Renwood Grandpere Zinfandel 2019
Deep purple color right to the rim. Aromatically, this is dark black fruits like mulberry, boysenberry, blueberry, and black-skinned plums, all very fresh, without a hint of raisin. Cedar and some new oak, fresh tobacco, and vanilla top off the nose, and there’s a seriousness to the complex blending here. Low, restricted yields in our “top of blocks 2 and 3” portion of the vineyard create There’s a not-so-subtle weightiness in the mouth, rich, blackberry pie, allspice, warm green earth and bricks, sweet herbs, and crushed berries. Petite Sirah provides a powerful push to give the wine more lift, intensity, and length.
Blend: 90% Zinfandel, 10% Petite Sirah
Critical AcclaimAll Vintages
Surrounded by some of America's oldest Zinfandel vineyards, Renwood Winery is located in the picturesque California foothills of the Sierra Nevada Mountains. Renwood produces world-class award-winning wines from Amador County. Founded in 1993, it reflects Amador County’s rich history of magnificent vineyards and winemaking. Owned by international vintner and entrepreneur, Alejandro Bulgheroni, the team undertook a thorough and painstaking replanting in 2014 to update each block of the Renwood Ranch vineyard for optimum health and efficiency.
Wine production has grown from 2,500 cases in 1993 to approximately 25,000 cases today, all from the Renwood Ranch Estate vineyard for the three wines they produce. Winemaker Joe Shebl has been at the property since 1999 and knows every square inch of the vineyard like a second home.
The Grandpere Zinfandel, which comes from its namesake block of the Estate vineyard is made from the oldest known clone of Zinfandel in America. All grapes are handpicked and fermented in small lots, then aged in French-only oak barrels to preserve the unique character of each parcel which strives to impart the texture, freshness, and finesse of which great Zinfandel is capable.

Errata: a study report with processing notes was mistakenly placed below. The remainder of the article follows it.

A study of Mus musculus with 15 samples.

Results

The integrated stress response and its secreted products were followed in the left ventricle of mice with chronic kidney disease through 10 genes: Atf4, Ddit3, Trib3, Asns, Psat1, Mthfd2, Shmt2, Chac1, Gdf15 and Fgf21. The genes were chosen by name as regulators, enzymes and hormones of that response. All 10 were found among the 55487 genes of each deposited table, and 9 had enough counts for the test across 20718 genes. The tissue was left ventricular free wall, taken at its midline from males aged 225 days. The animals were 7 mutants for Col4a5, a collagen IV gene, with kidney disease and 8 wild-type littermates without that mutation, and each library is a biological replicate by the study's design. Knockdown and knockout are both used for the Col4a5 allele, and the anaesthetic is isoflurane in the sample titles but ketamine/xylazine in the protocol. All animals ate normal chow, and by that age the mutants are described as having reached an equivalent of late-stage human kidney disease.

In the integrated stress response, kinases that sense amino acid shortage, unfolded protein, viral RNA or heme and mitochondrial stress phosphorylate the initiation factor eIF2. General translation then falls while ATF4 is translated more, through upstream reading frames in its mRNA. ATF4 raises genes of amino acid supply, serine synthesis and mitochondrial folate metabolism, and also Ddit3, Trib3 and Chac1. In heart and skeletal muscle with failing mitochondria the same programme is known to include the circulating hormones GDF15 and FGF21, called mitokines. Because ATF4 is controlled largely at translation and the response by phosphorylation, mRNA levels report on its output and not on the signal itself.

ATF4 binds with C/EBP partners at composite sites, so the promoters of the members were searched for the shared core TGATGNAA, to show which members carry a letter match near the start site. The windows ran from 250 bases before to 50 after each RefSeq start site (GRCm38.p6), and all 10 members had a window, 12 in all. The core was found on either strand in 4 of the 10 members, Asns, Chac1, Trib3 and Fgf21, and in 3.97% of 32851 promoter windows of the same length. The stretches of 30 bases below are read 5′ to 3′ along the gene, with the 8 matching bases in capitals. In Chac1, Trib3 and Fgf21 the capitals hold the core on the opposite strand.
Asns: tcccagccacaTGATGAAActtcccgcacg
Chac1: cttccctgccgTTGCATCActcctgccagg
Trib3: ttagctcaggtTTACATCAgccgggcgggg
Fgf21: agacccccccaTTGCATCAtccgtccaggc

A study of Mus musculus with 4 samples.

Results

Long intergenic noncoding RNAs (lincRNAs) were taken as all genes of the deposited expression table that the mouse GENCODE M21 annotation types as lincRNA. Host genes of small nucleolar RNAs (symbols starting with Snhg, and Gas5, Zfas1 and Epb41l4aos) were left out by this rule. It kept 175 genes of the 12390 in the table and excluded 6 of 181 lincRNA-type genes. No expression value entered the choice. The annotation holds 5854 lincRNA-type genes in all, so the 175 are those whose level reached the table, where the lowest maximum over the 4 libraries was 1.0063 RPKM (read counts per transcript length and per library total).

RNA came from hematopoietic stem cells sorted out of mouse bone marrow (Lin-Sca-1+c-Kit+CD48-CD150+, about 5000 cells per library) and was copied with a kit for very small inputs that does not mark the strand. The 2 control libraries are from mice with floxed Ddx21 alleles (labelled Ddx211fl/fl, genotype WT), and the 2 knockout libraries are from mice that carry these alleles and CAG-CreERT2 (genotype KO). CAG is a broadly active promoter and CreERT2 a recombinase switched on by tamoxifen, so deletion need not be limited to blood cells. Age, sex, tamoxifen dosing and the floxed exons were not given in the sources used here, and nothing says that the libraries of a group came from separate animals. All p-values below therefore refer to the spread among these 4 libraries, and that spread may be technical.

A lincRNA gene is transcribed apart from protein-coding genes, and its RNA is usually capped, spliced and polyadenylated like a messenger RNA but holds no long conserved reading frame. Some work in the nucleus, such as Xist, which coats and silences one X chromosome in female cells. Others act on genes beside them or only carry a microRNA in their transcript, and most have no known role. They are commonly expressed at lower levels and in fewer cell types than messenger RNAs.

As the lower part of the greater Sierra Foothills appellation, Amador is roughly a plateau whose vineyards grow at 1,200 to 2,000 feet in elevation. It is 100 miles east of both San Francisco and Napa Valley. Most of its wineries are in the oak-studded rolling hillsides of Shenandoah Valley or east in Fiddletown, where elevations are slightly higher.
The Sierra Foothills growing area was among the largest wine producers in the state during the gold rush of the late 1800s. The local wine industry enjoyed great success until just after the turn of the century when fortune-seekers moved elsewhere and its population diminished. With Prohibition, winemaking was totally abandoned, along with its vineyards. But some of these, especially Zinfandel, still remain and are the treasure chest of the Sierra Foothills as we know them.
Most Amador vines are planted in volcanic soils derived primarily from sandy clay loam and decomposed granite. Summer days are hot but nighttime temperatures typically drop 30 degrees and the humidity is low, making this an ideal environment for grape growing. Because there is adequate rain throughout the year and even snow in the winter, dry farming is possible.
Unapologetically bold, spice-driven and jammy, Zinfandel has secured its title as the darling of California vintners by adapting well to the state's diverse microclimates and landscapes. Born in Croatia, it later made its way to southern Italy where it was named Primitivo. Fortunately, the imperial nursery of Vienna catalogued specimens of the vine, and it later made its way to New England in 1829. Parading the true American spirit, Zinfandel found a new home in California during the Gold Rush of 1849. Somm Secret—California's ancient vines of Zinfandel are those that survived the neglect of Prohibition; today these vines produce the most concentrated, ethereal and complex examples.